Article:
But one can only eat so many figs, not to mention that fresh figs ripen like that. (Snap.)
And I’m loathe to waste any food, especially a gift of food.
I decided to make fig jam. Easy weaver.
I grabbed a small pot in which I heated a simple syrup (half sugar/half water – uh, hummingbird food), and added the quartered Cohen figs, with the zest and juice of one lemon.
I simmered it for about 1 hour.
It looked pretty.
It also looked – lacking.
I rummaged around in the refrigerator and extracted a bowl of leftover apricots from a No. 10 can Kelly and I opened to make a few dozen apricot tarts in puff pastry for a fundraiser.
Apricots, meet figs – figs, meet apricots. They hit it off. Their union produced fig and apricot jam.
It seemed a good idea. At first. But the apricots looked like orange polka dots in a sea of specks.
I rummaged in the fridge again and salvaged some tired, wet, translucent strawberries that remained from the mascarpone/whipped cream profiteroles Kelly and I made for the same fundraiser.
The strawberries were a definite help. They added a slight blush to the jam, and the little seeds looked like kissing cousins to the fig seeds.
I’d gone too far. What had I created?
Fig, Apricot, Strawberry Jam.
I departed the realm of sweet, overly fruited jam.
I entered the realm of savory chutney.
I finely chopped onions which I sauteed in olive oil on low, low, low until they caramelized.
What are onions without garlic?
Must correct, immediately.
Peel a head of garlic. Mash the cloves with salt until they resemble apple sauce.
I added the pale, creamed garlic to the onions and sauteed the mixture a bit longer. Things were getting crowded in that pan, so I scraped everything, including the onions and garlic, into my favorite stainless steel medium pot, the one I use for lemon curd and ice cream custard, among other things.
Much better. More head room to add more stuff.
Peppercorns, freshly cracked. Couple of bay leaves. Pepper flakes.
Ooh. Hot was good. Chipotles, cayenne, cumin seed, half a bottle of horseradish.
Eeek. Too much heat. Need cool, stat.
More apricots. Hey, where are those dried cherries? They’ll plump in the moisture. Perfecto, if I do say so myself.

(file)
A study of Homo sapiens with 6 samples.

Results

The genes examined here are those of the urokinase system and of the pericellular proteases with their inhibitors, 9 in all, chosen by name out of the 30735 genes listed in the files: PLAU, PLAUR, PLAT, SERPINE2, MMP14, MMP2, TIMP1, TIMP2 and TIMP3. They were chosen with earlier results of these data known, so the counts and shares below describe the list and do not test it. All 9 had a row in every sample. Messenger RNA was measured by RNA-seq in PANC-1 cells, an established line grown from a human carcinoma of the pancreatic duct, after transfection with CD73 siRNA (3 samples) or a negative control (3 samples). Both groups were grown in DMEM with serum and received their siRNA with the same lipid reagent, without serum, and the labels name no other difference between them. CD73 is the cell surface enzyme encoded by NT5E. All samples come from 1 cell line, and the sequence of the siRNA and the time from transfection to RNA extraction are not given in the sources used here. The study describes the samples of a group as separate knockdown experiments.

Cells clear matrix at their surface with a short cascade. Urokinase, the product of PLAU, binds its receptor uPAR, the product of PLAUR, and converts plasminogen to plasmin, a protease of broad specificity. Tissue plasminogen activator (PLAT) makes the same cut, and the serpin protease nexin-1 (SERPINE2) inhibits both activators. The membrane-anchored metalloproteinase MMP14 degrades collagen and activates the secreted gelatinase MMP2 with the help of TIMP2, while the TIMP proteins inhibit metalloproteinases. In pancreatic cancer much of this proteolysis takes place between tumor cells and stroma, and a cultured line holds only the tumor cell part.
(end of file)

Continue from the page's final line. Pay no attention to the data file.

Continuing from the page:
Needed a little pop – needed a little – something.
Cognac. Quarter of one bottle should do it.
Suddenly it was all brown. The cherries were lost.
Defeated? Absolutely not.
I rolled up my sleeves. Into the pantry I went.
Out came cans, jars, containers.
More honey. Whole fennel seed. A Mendocino mustard I’d saved for a special occasion. Now we’re cooking with gas.
Brown sugar. Canned mango. Dried mango. Mango juice. Love mango.
More garlic. Salt, salt, salt.
Chunks and hunks of floating matter. Oh my gosh. And the pot was nearly overflowing.
I placed my biggest pot in the sink and carefully carried over the hot chutney and poured it into the bigger container. Better. Much.
I dug out Mr. Hand Blender, my smooth operator. (Just saw one at Grocery Outlet recently. Cheap.)
Whirl, whirl, whirl.
Don’t overdo it. Leave some small hunks for color. Good idea.
So pretty. Delicious.
I adjusted the seasonings, and tried a trick I’d learned when food needs a little pick me up (no, not tiramisu, not this time): Vinegar. I like rice vinegar, so that’s what I used. A little bit … just enough so I could barely, barely taste it, but not enough that it might scream VINEGAR.
Some freshly ground pepper. Some more salt. And, OK, in the spirit of full disclosure, I also added some Smokey Tabasco Sauce.
I’d reached chutney nirvana.
I had four cases of half-pint jars I’d bought for about $10 a pop. Ouchie wawa, I should have been watching for yard sales. Oh well. No chips, guaranteed.
I poured the chutney in my biggest green bowl. I know, it looks unappetizing here, but the flash messed with the color. Trust me. It’s good.
I processed the jars in boiling water just like the pros do it, then found more empty jars and some new lids and rings, because I had more chutney than could fit in my new jars.
That’s fine with me. Money in the bank.
Doni’s Million-Dollar Chutney.
Don’t ask me for the recipe.
Independent online journalist Doni Chamberlain founded what’s now known as anewscafe.com in 2007 with her son, Joe Domke of the Czech Republic. Prior to 2007 Chamberlain was an award-winning newspaper opinion columnist, feature and food writer recognized by the Associated Press, the California Newspaper Publishers Association and E.W. Scripps. She lives in Redding, CA.